Uber Hack: It’s the Simple Things That Kill Your Security
In Uber’s last update about its recent hack, the ride-sharing company blamed the Lapsus$ hacking group for its security fiasco. Lapsus$, Uber added, had also breached Microsoft, Cisco, Samsung, Nvidia, and Okta. Over the last week, they’d also breached video game maker Rockstar Games. That sounds really big and scary, doesn’t it? Well, the attack’s results were ugly, but it’s the way it was done that stands out. That was the kind of simple-minded attack that a script-kiddie teenager could pull up. And, oh, what’s this? The attack had been made by an 18-year-old with the moniker “Tea Pot.”
And how did Tea Pot pull it off? By buying a contractor’s ID and password off the dark web. The real hacking tool used here? About 1/20th of a Bitcoin, or a grand in real money, for business account access.
The original compromise appears to have been when the contractor was tricked by a phishing attack into giving up his user ID and password. Still, since his Uber account was protected by multifactor authentication (MFA), it still should have been OK.
Right? Right!? Wrong.
Eventually, the contractor accepted an MFA request, and the attacker was in. People, come on! If you get an MFA request you don’t recognize, you don’t approve it!
True, as Darren Williams, business security company BlackFog CEO and founder, said, “Social engineering is becoming a more popular tactic for cybercriminals as it really provides the keys to the castle, as we can see from the recent attack on Uber.” This is old news, but since people fall for phishing attacks every day, we can never stop repeating it.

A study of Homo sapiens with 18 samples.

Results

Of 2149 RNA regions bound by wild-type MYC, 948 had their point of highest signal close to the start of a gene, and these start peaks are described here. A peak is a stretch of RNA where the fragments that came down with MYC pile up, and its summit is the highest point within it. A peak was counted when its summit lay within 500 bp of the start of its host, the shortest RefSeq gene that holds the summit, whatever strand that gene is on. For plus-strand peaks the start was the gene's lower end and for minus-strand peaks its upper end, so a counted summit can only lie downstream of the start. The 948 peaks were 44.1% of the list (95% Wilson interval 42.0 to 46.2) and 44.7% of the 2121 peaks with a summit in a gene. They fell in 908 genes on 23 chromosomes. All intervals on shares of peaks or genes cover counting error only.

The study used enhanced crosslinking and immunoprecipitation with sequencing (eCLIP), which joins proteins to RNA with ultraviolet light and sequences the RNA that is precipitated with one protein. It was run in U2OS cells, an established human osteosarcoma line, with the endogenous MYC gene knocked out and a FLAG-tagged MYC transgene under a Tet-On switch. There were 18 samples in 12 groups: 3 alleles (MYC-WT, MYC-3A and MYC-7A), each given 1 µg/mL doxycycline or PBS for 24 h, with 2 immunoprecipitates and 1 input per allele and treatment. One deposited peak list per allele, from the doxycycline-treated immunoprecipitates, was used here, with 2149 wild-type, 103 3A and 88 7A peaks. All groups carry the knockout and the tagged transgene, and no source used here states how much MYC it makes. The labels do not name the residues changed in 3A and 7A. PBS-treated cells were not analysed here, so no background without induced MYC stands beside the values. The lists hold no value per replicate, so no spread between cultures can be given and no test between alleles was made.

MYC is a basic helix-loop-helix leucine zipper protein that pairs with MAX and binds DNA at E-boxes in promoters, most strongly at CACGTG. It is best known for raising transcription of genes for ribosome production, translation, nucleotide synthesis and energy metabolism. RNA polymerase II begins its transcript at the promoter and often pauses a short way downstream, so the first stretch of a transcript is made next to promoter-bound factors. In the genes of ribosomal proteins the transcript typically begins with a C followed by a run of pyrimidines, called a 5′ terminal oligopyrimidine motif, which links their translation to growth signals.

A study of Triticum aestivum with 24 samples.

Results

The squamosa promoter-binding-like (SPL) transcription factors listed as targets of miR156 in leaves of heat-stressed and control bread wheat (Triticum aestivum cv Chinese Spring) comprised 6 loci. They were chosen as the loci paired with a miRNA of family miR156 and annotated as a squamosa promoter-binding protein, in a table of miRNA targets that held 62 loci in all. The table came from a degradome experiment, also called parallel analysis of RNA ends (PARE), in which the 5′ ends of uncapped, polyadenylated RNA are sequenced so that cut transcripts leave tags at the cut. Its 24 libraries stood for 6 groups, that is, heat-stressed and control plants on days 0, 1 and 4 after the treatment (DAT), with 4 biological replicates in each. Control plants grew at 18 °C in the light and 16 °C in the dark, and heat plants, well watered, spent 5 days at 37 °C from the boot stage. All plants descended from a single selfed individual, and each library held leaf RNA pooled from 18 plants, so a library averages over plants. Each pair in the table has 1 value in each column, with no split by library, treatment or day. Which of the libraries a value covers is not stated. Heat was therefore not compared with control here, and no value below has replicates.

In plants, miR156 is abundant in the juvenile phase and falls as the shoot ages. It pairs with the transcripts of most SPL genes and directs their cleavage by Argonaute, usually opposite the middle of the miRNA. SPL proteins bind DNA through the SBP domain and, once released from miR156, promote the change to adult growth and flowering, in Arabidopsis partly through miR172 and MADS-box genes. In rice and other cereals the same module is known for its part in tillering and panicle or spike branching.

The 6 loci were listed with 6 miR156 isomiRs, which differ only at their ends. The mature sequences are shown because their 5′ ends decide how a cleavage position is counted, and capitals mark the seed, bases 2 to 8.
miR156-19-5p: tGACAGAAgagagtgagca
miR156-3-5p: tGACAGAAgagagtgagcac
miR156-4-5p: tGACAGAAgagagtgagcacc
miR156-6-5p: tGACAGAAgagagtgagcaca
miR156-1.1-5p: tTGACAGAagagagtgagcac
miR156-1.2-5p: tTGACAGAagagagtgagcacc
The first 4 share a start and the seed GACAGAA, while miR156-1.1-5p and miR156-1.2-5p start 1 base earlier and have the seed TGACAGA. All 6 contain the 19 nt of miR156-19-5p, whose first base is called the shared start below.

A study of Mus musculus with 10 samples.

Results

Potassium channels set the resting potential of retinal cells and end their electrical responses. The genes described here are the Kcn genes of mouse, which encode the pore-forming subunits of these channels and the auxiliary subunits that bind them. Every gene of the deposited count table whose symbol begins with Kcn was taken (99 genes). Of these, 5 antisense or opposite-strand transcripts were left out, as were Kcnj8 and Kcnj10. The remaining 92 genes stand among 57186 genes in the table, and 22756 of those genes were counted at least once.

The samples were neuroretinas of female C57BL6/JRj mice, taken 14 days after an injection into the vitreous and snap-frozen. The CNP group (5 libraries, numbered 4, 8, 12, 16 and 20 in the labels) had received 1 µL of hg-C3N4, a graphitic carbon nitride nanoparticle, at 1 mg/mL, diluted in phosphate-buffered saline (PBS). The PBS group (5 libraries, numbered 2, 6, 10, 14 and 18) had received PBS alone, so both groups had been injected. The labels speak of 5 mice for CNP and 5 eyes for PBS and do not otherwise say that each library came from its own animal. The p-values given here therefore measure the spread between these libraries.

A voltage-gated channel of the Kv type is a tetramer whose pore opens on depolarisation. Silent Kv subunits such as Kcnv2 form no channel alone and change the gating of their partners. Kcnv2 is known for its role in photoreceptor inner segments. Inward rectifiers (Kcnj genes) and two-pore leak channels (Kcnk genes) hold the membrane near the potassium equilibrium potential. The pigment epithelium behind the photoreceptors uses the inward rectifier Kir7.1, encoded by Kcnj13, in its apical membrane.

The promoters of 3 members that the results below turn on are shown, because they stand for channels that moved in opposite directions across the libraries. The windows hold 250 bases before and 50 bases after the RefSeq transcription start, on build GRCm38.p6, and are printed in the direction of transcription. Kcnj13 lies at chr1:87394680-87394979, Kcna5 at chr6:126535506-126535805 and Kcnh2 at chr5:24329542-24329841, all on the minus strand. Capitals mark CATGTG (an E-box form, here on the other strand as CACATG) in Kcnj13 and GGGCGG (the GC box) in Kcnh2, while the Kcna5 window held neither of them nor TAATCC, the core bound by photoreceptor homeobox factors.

After getting his foot in the door, the attacker found an internal network share with PowerShell scripts with privileged admin credentials. Do not ask me what it was doing there. This is a classic stupid security trick. With it, the hacker got access to Uber, AWS, G-Suite, Google Cloud Platform, OneLogin, SentinelOne incident response portal, Slack, and Uber’s OpenDNS resources. Once in, he even posted on Uber’s Slack announcing what he’d done… and, for a while, people seem to have thought it was a joke.
Williams continued, “protecting the perimeter alone simply isn’t going to cut it. Organizations must make the assumption that the bad guys are going to find their way in, so the focus must be on preventing them from leaving with the crown jewels.” Root-level scripts in a semi-public directory certainly count as the crown jewels in my book.
Do the Right Things
Uber, after the fact, is saying all the right things: Identify and reset compromised employee accounts; rotate keys, lockdown the codebase, strengthen MFA policies, and increase internal security monitoring. But this is a classic case of locking the barn door after the horse is out.
Uber claims that while the hacker had the keys to its IT kingdom, nevertheless, he didn’t access any public-facing systems; user accounts; or sensitive user information, such as credit card numbers, user bank account info, or trip history. You can believe that if you like. I’m not so sure.
The point here is that while fancy cybersecurity tricks that sound like they came out of Mission Impossible may catch your attention, to really secure your systems, you need to keep reinforcing the security basics — over and over again.